ISLESBORO, Maine — Josh Conover thought he was being generous by auctioning off his old lobster boat and giving some of the proceeds to the Maine Lobster Institute for research, but Maine State Police notified the institute this week that his actions were against the law.
Conover now has to give back the money from the 35 tickets he sold for $150 each.
“They treat it like I was going to open high-stakes bingo or a racino or something,” Conover said Friday.
Conover worked with the nonprofit institute to raffle off his 1977 38-foot lobster boat by selling 350 tickets at $150 each. Conover would have split the earnings with the nonprofit, which would have left Conover with $33,000 and the Maine Lobster Institute with $12,000.
According to Maine law, only raffle license holders may hold raffles where the prizes are worth more than $10,000, and those license holders must be nonprofit organizations, according to Jim Gass, public safety inspector for the Maine State Police gaming unit.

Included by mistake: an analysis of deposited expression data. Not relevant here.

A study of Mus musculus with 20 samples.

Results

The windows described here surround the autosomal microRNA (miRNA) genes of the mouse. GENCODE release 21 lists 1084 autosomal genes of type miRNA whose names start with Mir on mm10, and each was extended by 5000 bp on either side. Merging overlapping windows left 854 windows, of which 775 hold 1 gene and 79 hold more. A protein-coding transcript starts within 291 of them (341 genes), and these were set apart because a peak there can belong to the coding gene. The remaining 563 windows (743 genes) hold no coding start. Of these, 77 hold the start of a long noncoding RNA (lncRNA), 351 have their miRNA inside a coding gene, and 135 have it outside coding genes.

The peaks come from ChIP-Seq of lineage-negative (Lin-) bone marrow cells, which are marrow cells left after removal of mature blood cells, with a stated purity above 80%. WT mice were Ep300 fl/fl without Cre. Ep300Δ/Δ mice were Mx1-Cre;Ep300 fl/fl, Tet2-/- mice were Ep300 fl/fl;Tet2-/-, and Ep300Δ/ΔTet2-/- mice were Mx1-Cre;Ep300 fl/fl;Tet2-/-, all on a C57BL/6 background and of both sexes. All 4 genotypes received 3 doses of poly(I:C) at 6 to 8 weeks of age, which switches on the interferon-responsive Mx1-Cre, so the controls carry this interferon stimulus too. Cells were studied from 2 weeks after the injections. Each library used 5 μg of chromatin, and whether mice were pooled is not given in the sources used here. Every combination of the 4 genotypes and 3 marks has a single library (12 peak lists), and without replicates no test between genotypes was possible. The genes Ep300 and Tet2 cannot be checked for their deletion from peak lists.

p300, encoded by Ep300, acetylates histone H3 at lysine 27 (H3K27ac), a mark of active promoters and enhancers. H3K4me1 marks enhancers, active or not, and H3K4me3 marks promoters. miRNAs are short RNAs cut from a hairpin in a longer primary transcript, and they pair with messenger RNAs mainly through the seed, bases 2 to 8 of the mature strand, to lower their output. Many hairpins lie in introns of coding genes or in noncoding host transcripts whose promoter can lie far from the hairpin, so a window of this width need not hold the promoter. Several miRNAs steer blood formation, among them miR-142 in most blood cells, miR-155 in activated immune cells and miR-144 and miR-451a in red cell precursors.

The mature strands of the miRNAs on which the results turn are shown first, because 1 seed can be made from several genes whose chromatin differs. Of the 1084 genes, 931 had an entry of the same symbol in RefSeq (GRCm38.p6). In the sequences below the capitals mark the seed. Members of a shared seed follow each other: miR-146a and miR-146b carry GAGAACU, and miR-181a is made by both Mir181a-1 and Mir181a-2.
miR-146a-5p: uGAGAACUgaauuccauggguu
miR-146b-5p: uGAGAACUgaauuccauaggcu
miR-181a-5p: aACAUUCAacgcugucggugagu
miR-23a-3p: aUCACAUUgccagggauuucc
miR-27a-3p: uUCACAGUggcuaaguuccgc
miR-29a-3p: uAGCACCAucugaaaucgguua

Although some of the proceeds were going to the Maine Lobster Institute at the University of Maine, Gass said, the institute, not Conover, would have to run the raffle for it to be in compliance with law.
“[The law] is to protect everybody,” Gass said. “Josh is doing the raffle, but what is the purpose of the raffle? … The law is to protect so that only nonprofits can do raffles.”
Gass said he gets unlawful raffle cases about once a month.
Gass contacted the institute after he saw a news article last weekend detailing the raffle.
Conover said Friday he would try to give a donation to the institute instead.
“I’ll just sell the boat,” Conover said. “I’ll try to make a donation when I sell it, but I was getting above and beyond what the boat was worth, so I was going to let them have the extra money.”
Conover is unsure how much he will be able to donate to the nonprofit.
No criminal charges will be brought against Conover or the institute, according to Gass.
Cathy Billings, associate director of the Maine Lobster Institute, said she and her co-workers didn’t know any better.
“Ignorance is our only excuse, but it’s no excuse really,” Billings said.
This was to be the nonprofit’s first raffle.
“It was a definite learning experience,” Billings said. “It was nice of Josh to do this for us. He was just trying to do something nice, but we certainly understand and respect the regulations and we will know better next time.”